What To Know About Drain Tile

Drain tile systems protect your home against groundwater infiltration.

If you have excessive moisture entering your basement through the walls or floor, it’s likely a groundwater issue.

The first step in remedying this situation should be examining your gutters, downspouts and soil grading. They’re an easy, affordable fix. But if those elements are in good shape, you should look into a drain tile system. This lesser-known feature is a powerful defensive barrier that directs water away from your home and keeps your basement dry.

What Is Drain Tile?

When most people hear the term “drain tile,” they picture the round or square grate found in many basement slabs. It’s a reasonable assumption, but those are actually called floor drains.

A “drain tile” refers to a system of perforated pipes laid along the foundation, inside or outside. Also known as French drains or perimeter drains, these system channels water away from the home. French drains are generally outside.

How Does Drain Tile Work?

The concept is simple: The system captures groundwater before it enters the basement. It passes through a series of filters, then enters the pipe and travels along its length to a sump pit or other discharge point.

Today the pipes are typically made of PVC, but they were originally clay. These segments were called “tiles,” and the name still survives even for modern techniques.

Drain Tile System Elements

These depend on whether it’s an interior or exterior drain and the specific installation, but the core concepts are universal.


The route the drain system takes along the perimeter of the home, either outside or inside the foundation. The trench should gently slope toward the runoff destination.


The pipe sits in the trench. It needs to be robust enough to withstand weight from above, while maintaining enough flex to handle shifting pressure from soil and water. The pipe is perforated and surrounded by layers of gravel or fabric filtering.


A layer of soil (exterior systems) or concrete (interior systems) covers the pipe and trench.


Of course, it’s not enough to simply collect groundwater. The system must direct it somewhere.

Exterior drains often “drain to daylight,” meaning they channel water to an appropriate location away from the home, like a street discharge or dry well. Interior systems almost always drain to a sump pit, where a pump draws excess water out of the home.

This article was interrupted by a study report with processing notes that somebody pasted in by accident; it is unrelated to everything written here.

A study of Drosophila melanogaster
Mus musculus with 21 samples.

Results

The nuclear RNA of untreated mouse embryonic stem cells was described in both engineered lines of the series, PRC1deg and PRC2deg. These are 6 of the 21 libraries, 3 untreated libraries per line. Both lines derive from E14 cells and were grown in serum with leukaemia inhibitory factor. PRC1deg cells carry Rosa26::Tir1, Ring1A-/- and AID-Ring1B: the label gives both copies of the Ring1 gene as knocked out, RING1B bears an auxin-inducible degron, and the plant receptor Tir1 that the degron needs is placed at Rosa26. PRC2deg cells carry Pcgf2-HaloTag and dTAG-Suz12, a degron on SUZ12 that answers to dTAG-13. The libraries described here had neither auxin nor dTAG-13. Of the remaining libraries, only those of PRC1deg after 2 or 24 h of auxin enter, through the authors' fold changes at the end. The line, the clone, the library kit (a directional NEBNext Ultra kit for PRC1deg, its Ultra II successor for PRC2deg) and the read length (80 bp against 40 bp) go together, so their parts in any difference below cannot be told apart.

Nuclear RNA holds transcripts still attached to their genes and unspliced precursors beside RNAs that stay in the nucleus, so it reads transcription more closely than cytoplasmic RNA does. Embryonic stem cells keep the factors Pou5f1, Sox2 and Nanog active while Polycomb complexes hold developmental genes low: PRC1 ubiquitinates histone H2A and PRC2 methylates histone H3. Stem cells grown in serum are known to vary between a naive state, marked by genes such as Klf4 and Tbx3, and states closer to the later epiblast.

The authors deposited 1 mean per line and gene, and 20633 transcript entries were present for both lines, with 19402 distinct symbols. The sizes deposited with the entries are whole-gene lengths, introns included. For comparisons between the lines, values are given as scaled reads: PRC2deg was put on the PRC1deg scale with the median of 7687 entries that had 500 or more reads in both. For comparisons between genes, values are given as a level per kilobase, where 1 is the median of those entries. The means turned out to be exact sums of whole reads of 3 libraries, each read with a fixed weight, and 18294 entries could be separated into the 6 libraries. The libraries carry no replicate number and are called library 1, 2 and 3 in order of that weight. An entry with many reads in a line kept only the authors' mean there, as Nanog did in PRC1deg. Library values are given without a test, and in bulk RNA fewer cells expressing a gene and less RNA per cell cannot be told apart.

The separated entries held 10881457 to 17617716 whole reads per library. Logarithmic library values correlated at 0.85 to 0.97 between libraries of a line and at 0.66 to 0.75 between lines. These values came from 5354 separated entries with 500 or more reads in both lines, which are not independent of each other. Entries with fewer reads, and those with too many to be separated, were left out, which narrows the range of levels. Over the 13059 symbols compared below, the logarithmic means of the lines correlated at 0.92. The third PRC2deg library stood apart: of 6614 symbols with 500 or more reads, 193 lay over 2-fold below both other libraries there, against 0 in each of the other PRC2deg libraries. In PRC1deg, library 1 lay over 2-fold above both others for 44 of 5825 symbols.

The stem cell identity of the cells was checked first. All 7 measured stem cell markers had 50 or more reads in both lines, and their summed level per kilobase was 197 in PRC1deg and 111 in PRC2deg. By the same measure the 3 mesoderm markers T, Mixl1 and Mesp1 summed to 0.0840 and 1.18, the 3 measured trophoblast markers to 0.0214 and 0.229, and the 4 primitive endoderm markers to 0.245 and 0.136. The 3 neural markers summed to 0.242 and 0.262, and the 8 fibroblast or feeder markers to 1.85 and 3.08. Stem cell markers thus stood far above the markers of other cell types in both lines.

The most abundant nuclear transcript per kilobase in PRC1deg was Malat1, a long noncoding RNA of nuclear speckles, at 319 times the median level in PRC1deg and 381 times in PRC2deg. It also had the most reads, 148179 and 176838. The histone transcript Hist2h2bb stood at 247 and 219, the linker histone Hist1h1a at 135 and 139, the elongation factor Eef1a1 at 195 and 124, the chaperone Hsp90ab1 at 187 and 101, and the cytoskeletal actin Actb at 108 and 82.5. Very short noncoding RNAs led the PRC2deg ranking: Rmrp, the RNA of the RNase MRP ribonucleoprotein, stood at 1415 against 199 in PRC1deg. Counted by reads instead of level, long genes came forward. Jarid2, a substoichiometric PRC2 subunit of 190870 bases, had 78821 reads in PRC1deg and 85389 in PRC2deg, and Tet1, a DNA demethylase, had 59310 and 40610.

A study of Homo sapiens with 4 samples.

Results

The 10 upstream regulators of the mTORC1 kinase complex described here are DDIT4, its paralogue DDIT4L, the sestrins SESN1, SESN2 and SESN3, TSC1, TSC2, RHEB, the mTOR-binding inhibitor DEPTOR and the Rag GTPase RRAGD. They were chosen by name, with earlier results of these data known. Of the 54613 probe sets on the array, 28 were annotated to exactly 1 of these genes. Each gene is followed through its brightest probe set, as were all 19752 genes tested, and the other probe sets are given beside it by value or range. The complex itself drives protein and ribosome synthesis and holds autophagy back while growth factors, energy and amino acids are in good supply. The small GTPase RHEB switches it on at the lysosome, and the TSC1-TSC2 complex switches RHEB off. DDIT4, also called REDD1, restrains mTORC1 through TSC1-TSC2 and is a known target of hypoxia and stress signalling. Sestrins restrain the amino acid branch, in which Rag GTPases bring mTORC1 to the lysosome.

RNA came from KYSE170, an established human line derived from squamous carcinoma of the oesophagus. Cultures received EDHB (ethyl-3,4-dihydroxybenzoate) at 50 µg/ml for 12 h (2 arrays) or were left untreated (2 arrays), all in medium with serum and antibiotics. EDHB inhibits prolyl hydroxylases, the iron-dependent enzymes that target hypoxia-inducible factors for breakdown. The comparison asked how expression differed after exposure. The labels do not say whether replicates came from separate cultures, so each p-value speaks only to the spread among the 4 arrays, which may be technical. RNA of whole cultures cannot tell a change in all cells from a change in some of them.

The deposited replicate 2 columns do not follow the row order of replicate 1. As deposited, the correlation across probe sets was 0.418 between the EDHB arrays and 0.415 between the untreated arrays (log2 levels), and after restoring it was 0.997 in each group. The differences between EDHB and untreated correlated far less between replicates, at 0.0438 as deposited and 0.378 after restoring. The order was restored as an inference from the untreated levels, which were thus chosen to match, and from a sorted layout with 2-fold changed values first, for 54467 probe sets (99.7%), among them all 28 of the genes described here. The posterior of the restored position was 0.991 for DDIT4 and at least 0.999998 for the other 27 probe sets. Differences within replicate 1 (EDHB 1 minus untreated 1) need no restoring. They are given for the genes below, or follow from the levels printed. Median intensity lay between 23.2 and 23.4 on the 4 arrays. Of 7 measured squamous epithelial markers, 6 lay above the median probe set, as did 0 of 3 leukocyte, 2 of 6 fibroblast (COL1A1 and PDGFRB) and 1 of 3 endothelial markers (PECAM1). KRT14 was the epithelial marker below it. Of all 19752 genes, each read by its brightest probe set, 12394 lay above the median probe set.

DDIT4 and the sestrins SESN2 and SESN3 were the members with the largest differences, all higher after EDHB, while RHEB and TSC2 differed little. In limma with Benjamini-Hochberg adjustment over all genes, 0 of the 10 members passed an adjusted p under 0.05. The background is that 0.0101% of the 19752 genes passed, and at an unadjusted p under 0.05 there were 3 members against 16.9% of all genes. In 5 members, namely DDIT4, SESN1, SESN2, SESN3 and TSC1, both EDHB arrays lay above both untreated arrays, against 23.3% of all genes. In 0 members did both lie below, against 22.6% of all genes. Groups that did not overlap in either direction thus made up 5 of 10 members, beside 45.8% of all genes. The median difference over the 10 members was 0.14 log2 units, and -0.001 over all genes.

4 Signs You Need Drain Tile

If you can answer “Yes” to any of these four questions, you should consider a drain tile system repair or installation:

  • Does your basement have water issues even though your gutters are working?
  • Do you have wet basement walls?
  • Is water seeping up from your basement floor?
  • Do you have plans for a finished basement, or want to store valuable items in your basement?

How Much Does a Drain Tile System Cost?

It depends. Drain tile installation costs are mostly labor-based, with most going toward digging the trench and/or breaking up and removing concrete. Prices will vary greatly depending on the local market.

In general, prices for exterior drain tile retrofits run from $20 to $60 per linear foot, while interiors range from $60 to $100 per linear foot. That includes the price of pipe, gravel and any pit or pump required.

Note that exterior systems will typically measure the full house’s footprint plus the length to the street discharge location. An interior system will only be based on the size of the basement.

Can I DIY Drain Tile?

Yes. The technical skills are well within reach for most DIYers, though it’s a dirty job. If you go the DIY route, consult online guides and any appropriate codes and regulations. Chapter 33 of the International Residential Code (IRC) covers storm drain systems.

Plan your project carefully. Exterior systems often run into problems with landscaping; bushes and patios may need to be removed or altered.

Interior drain tile systems are typically more straightforward. The hardest part is often hauling the concrete and mud out of your home without making a mess. Homes on crawlspaces can pose accessibility issues. Imagine digging a drain trench while laying on your side!

Whether you DIY drain tile or hire a pro, installing a new system provides a dry basement and a sense of security.

Dan Stout
Ohio-based freelance writer and author Dan Stout is a former residential remodeler, commercial site supervisor and maintenance manager. He’s worked on nearly all aspects of building and DIY including project planning and permitting, plumbing, basic electric, drywall, carpentry, tiling, painting and more. He also publishes noir fantasy thrillers, including The Carter Series, from Penguin imprint DAW Books.